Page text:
Kenny Perry skipping majors: Inexcusable
It’s hard to bash Kenny Perry because he’s such a nice guy. But Perry deserves to be bashed. There’s absolutely no reason to justify why Perry is in Milwaukee this weekend seeking another fat paycheck and more Ryder Cup points. Perry has enough money to live like Louis XIV for the rest of his life, and he’s locked up a spot on the Ryder Cup team. So he should be in England trying to win the British Open. And last month he should have tried to qualify for the U.S. Open.
Perry has seemingly good excuses for his inexcusable recent behavior. Torrey Pines was too long and hard for him, so he had no chance to win. Months ago he committed to the U.S. Bank Championship in Milwaukee, so despite being exempt for the British Open he wanted to honor his commitment to Milwaukee. He’s also said it’s unrealistic for guys his age (47) to win majors.
Nice tries, those excuses, but they’re lame. Very lame. Don’t you think the folks in Milwaukee would’ve understood if Perry had told them he was skipping their event so he could go to Birkdale? More to the point, tour players who won’t play in majors, for any reason, should not be Tour players. There is nothing more important, challenging and rewarding than majors. Ask Tiger, who has often reminded us that nobody knows Jack Nicklaus’s Ryder Cup record, but everybody knows his major record. Even if a player doesn’t think he can win a major, he should play if he has the chance. You never know when lightning will strike, as Greg Norman (age 53) discovered that last two days at Birkdale.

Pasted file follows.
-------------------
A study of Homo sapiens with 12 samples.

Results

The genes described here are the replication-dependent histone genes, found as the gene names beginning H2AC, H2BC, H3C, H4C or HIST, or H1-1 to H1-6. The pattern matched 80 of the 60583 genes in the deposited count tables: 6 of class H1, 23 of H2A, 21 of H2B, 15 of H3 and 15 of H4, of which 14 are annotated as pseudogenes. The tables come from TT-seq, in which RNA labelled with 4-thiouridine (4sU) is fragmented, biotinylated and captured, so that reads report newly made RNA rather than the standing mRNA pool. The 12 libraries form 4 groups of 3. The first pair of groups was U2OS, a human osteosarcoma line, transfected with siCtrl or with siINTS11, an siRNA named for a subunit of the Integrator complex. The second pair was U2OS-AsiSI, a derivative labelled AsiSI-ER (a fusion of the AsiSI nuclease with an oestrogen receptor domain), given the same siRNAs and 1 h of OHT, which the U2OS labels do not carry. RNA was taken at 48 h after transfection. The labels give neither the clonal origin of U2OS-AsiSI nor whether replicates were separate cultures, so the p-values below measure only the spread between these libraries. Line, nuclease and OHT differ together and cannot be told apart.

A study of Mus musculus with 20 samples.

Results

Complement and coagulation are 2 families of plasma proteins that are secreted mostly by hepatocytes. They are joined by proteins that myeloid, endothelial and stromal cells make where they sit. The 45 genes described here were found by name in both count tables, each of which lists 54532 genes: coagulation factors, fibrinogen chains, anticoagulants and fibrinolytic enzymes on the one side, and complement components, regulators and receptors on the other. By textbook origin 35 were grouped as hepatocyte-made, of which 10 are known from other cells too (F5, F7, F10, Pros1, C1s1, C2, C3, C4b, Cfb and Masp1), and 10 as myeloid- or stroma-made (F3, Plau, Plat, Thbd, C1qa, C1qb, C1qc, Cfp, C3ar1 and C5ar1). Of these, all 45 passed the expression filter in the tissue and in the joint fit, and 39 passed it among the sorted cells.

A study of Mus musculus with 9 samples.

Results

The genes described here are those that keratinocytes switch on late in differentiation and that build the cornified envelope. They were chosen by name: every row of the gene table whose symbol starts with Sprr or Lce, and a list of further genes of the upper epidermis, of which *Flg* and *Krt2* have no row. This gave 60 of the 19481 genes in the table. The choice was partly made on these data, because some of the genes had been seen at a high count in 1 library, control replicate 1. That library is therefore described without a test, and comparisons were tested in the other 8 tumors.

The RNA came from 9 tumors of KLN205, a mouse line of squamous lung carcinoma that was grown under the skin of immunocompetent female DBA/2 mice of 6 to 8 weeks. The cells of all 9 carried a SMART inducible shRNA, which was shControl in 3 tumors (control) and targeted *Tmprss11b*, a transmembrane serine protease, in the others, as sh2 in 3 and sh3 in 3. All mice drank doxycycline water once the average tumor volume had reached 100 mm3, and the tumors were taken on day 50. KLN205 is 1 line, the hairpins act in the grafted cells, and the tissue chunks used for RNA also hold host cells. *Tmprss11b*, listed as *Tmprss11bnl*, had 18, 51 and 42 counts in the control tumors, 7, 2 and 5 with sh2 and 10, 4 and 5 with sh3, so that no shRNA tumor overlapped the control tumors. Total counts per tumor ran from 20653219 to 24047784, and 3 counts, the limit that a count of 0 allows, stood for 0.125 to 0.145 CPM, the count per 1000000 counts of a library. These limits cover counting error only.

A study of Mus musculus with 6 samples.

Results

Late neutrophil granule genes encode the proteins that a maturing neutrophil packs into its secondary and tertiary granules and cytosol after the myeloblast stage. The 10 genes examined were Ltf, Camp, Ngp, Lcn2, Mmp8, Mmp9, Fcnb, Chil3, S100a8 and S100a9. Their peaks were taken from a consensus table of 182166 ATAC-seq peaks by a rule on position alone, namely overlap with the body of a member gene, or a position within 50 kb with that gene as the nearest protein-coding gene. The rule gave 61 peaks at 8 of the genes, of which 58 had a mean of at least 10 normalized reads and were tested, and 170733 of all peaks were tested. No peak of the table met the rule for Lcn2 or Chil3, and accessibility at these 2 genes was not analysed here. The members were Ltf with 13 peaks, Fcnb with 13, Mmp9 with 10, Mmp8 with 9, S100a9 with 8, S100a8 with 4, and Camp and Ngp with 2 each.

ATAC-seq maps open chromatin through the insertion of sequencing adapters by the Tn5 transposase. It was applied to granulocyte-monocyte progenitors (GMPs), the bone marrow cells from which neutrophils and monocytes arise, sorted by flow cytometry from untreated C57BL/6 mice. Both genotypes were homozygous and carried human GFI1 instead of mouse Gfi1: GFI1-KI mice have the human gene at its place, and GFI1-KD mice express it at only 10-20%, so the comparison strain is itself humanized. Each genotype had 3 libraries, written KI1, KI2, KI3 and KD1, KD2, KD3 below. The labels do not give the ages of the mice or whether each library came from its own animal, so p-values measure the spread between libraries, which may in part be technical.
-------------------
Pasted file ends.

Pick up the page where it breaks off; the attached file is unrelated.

Paul Azinger, the U.S. Ryder Cup captain, says he’s he doesn’t care about Perry ditching his national championship and the world’s open championship. I don’t believe Azinger, who’s probably just putting forth a cheery public image to support his Ryder Cup charge. But if Perry doesn’t have the motivation and the guts to compete in majors, and represent his country in the process, how’s he going to react to the suffocating pressure of having to drain a six-footer in the Ryder Cup?
As awesome as Perry has played this season, in the future I won’t remember his season for the multiple victories and meteoric rise up the money list and World Ranking. Nor will I remember how he performs at Valhalla in the Ryder Cup. I’ll remember the absurd and inexplicable decisions Perry made to skip two majors.